So this isn’t going to be an actual book review because I know I’m late to the party. The book was published more than a decade ago, and even the movie came out 3 years ago.
To be honest, Life of Pi was never something I was curious to read. I hadn’t heard of the book until the movie came out, and the trailer didn’t exactly get me too excited:
I remember thinking, “Why would I want to read or watch something that’s literally about a guy being on a boat the entire time? No thanks, I’ve already been through 127 Hours once.”
But it was always in my face. I remember attending a Key Club event where one guest announced he was celebrating his nephew’s success as a musical producer for the movie. When it won a Golden Globe, my university put it on our front page. Finally, when I saw it in the “Must Reads” section of the library, I figured I might as well give it a try.
Sidenote: I know it’s degrading to mention someone’s accomplishments in context of their significant other, but I still have to say: did you guys know that the author, Yann Martel, is married to Alice Kuipers?!
Alice Kuipers wrote one of my favourite YA books, Life on the Refrigerator Door. It details the life of a mother and daughter who are struggling to communicate with each other while dealing with their respective problems, all through notes on the refrigerator door. It’s definitely 5/5 stars; cannot recommend it more!
OK, so the fact that Martel’s married to a literary genius aside…
He’s such a trickster.
Up until the very end of the book I was convinced this was a true story (or at least based on one – when I got to the carnivorous island part my faith had to let in a little doubt). Who starts off with a fictional note from the author?! I can’t say I don’t feel a little lied to and cheated… throughout the entire novel I was taking so much pride in Ontario and how we ended up becoming the home of someone with such an interesting past. *shakes fist helplessly* At least the story was interesting…
Unlike a lot of people I know, I don’t read an entire book in one sitting – I usually like to ration it out between a few nights. A result of this is that I have a lot of wild thoughts/predictions I will rant to friends about. One such friend suggested (not sure if it was because they actually thought it was a good idea or because they just got tired of listening to me… probably the latter) I write those thoughts down so I could revisit them later and laugh about how wrong I was (or marvel at my genius predictive abilities I suppose). I… did not do that.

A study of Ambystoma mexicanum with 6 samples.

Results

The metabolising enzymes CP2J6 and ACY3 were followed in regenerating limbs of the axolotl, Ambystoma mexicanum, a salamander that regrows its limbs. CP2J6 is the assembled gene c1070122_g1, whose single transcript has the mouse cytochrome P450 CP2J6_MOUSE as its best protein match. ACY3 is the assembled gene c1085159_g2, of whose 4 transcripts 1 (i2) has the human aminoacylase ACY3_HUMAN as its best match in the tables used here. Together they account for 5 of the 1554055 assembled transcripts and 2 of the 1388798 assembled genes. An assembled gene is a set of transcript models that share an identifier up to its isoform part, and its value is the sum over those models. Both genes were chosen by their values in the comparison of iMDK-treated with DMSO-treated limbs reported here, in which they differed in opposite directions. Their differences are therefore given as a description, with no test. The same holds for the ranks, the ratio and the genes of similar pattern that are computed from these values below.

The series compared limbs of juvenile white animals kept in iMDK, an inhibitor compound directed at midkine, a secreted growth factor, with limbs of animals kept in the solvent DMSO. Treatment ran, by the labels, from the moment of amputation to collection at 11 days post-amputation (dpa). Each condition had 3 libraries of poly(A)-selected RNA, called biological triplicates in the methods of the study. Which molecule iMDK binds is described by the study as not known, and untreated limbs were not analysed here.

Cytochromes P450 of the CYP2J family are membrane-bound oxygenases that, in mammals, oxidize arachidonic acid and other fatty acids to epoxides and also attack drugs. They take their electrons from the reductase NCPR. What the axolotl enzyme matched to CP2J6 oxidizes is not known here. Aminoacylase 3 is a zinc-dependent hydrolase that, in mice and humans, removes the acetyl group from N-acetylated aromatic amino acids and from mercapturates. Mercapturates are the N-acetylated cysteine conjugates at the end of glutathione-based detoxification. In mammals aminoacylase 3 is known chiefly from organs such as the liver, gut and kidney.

Who wants to rant to a piece of paper/word document when they can always find a real life person who will (albeit sometimes reluctantly… apologies to my poor roommates) listen? But I did try to recall some of thoughts I had and write them down. Here they are:
- I don’t understand how Piscine can follow three different religions at the same time. While there are many similarities, there are obviously glaring differences, or else there wouldn’t be conflict between the different religions all the time. How does he decide which side of the conflicts to believe? Does he just pick and choose particular tenets among the religions? How does he pick and choose… just based on his own morality? But isn’t the point of religion that our personal morality is flawed so we need to follow a higher code? I really wish the novel was more specific about this.
- How in the world did the animals manage to escape their cages? Did someone let them out? Why didn’t they alert all the humans before that?
- I can’t believe he has a wife. I wonder if his wife is familiar with all the things he did while on the boat. Is he back to being a vegetarian now? Does she ever doubt his integrity since he broke his diet? Does she ever think, “man deep down this guy is a hypocrite; whenever life gets tough he’ll abandon his peaceful ways”? (Although I guess the theory behind vegetarianism is that there are no reasons for us to eat meat because we’ve advanced to the stage where it’s possible for humans to survive without meat… once it became impossible for Piscine, he had to revert back to human’s primitive ways. Hmm, OK. Resolved.)
- How did he deduce that the plants were carnivorous?! Just from finding teeth? My inference would’ve been that this tree just happened to grow teeth that looked remarkably similar to human teeth… (Sign #256 that I wouldn’t last two seconds in disaster scenarios)
- I’m surprised Richard Parker didn’t completely maul him for leaving an island where there’s food and water. Is it only because he’s the Beta in this situation or because he’s also yearning for companionship? If we’re being real about this, when Richard Parker started those mating calls I was thinking he might end up raping one of the meerkats… glad the book didn’t get that kind of dark.